A diabolical plan unfolds


Luce is an honor student and star track athlete, headed to a top American university. Everything seems perfect, until one of his teachers, Harriet Wilson (played by Octavia Spencer of “Hidden Figures”) contacts Amy and tells her that Luce wrote a disturbing essay justifying violence to achieve political goals. Harriet then searched his locker, where she found illegal fireworks.

Since Luce is a star student, Harriet, who is black, gives the fireworks and the essay to Amy and asks her to talk to Luce. Harriet tells no one else about this because it might damage the school's reputation. Amy is very reluctant to confront Luce. She hides the fireworks in the house, but Luce finds them and intuits what is going on.

When Amy and Peter finally do confront their son about the essay and the fireworks, he has a very slick explanation for both, and he evades responsibility. Around the same time Harriet becomes the target of racist graffiti. Rumors, spread by Luce and his friends circulate that she is psychologically abusive to her students. Harriet's mentally ill sister, Rosemary (played by Marsha Stephanie Blake of “The Laundromat”) shows up at school and embarrasses her.

Harriet soon realizes that Luce plans to get even with her by trying to get her fired. Luce is very good at manipulating people. He has a grudge against Harriet not just because of her searching his locker, but because of what she did to his friend, another of her students. Luce seeks a double measure of revenge, which he thinks is justice.

In a final confrontation between Harriet and Luce, she shows him that he is a novice when it comes to knowing about racism in America, and that he has misinterpreted her actions all along. It is unclear, however that Luce has learned anything from this episode. What is clear, however, is that his parents have learned nothing from it. They cover for Luce and refuse to take responsibility. They have become complicit in his schemes. They prefer to believe the fantasy, not the reality.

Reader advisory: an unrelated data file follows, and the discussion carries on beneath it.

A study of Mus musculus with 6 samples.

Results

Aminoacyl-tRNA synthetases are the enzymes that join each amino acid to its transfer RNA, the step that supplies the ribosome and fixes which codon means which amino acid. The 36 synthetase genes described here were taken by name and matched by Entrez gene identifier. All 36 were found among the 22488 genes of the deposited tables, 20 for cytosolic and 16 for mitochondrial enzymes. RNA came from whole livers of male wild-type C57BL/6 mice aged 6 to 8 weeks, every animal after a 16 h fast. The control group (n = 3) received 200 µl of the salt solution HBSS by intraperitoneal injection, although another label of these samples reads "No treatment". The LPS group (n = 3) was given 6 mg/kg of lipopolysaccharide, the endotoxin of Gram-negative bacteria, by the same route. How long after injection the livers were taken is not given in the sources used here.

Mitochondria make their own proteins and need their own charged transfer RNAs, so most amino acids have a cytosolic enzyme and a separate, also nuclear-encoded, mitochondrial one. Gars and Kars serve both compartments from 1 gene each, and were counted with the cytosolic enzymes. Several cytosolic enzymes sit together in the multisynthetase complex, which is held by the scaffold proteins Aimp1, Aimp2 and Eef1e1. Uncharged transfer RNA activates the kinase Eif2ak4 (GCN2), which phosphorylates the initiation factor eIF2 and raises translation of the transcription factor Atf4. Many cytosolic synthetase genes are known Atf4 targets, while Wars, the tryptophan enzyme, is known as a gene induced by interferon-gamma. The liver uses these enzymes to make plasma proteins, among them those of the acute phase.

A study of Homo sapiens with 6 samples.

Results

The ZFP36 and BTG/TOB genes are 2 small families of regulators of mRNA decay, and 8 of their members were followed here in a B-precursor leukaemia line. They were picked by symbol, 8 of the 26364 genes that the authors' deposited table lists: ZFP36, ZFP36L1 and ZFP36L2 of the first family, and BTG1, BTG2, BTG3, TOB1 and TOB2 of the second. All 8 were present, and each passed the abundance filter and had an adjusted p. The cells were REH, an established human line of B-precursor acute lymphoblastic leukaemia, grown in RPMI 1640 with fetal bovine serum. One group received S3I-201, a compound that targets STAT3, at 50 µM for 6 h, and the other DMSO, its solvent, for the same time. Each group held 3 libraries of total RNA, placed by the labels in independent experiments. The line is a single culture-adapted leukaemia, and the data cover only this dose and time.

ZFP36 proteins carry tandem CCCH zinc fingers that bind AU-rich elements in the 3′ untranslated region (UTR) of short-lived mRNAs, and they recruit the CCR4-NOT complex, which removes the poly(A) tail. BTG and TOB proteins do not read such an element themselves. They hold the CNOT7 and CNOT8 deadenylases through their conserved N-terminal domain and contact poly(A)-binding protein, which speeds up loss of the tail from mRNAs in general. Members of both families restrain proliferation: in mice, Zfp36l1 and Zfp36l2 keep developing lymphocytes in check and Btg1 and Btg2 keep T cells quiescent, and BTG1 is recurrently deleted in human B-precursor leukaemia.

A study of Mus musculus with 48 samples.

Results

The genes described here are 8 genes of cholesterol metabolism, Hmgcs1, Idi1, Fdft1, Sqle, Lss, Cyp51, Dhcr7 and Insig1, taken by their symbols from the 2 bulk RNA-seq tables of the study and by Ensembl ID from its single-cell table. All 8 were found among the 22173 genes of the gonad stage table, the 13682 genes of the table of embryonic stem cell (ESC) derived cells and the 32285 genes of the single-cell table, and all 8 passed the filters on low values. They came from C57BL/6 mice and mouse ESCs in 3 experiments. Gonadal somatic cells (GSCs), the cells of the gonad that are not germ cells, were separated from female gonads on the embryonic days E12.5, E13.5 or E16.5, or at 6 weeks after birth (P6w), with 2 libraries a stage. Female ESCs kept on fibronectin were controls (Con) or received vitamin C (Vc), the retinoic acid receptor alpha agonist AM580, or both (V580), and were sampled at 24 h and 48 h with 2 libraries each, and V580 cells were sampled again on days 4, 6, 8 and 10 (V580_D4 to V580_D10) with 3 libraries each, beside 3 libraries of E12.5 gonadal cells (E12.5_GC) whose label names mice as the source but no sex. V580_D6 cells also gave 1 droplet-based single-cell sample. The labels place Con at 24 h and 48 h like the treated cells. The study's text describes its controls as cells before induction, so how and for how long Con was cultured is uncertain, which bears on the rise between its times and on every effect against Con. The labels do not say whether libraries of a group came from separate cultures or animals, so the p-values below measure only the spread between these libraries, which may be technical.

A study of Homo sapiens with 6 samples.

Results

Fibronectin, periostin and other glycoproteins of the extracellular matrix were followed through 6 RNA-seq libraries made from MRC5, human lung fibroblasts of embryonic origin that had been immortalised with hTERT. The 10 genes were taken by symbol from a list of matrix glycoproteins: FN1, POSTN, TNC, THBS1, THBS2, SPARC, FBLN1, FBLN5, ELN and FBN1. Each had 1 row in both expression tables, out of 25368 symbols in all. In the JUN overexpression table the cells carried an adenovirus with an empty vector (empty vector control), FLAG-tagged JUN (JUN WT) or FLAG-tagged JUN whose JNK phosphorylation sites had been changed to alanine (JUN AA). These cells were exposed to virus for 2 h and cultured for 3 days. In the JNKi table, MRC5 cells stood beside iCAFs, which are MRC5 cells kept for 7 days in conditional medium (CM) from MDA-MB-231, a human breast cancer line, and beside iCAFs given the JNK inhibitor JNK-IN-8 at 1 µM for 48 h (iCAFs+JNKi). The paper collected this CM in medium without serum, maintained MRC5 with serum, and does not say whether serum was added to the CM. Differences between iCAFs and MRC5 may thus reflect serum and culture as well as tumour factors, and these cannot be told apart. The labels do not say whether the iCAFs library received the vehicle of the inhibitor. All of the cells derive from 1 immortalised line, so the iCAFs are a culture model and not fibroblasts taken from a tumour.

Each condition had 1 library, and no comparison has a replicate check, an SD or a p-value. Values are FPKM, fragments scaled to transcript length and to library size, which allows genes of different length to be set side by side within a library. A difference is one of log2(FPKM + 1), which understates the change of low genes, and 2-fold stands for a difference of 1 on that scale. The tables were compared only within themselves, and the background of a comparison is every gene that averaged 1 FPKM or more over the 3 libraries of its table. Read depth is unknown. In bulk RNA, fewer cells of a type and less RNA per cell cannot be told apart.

This is a really chilling psychological thriller that illuminates racism in American in a different way than more common approaches. It asks the question, “What is the psychological cost of submerging your identity, your own history and your own race in order to become the perfect student, and the perfect son, by white standards?” Luce is a man under enormous pressure to be perfect, so he ends up hiding his imperfections from his parents, teachers and coaches. Harriet earns his wrath by threatening to expose him.

Kelvin Harrison Jr. gives a stunning performance here as Luce, with strong support from Octavia Spencer, Naomi Watts and Tim Roth. Nigerian-born writer-director Julius Onah shows as good a feel for this subject as you would expect. The story is adapted from a play of the same name by J.C. Lee, who also co-wrote the screenplay. This film rates a B+.

Click here for links to places to buy or rent this movie in digital formats, or to buy the soundtrack, posters, books, even used videos, games, electronics and lots of other stuff. I suggest you shop at least two of these places before buying anything. Prices seem to vary continuously. For more information on this film, click on this link to The Internet Movie Database. Type in the name of the movie in the search box and press enter. You will be able to find background information on the film, the actors, and links to much more information.

Reproduced with the permission of the copyright holder.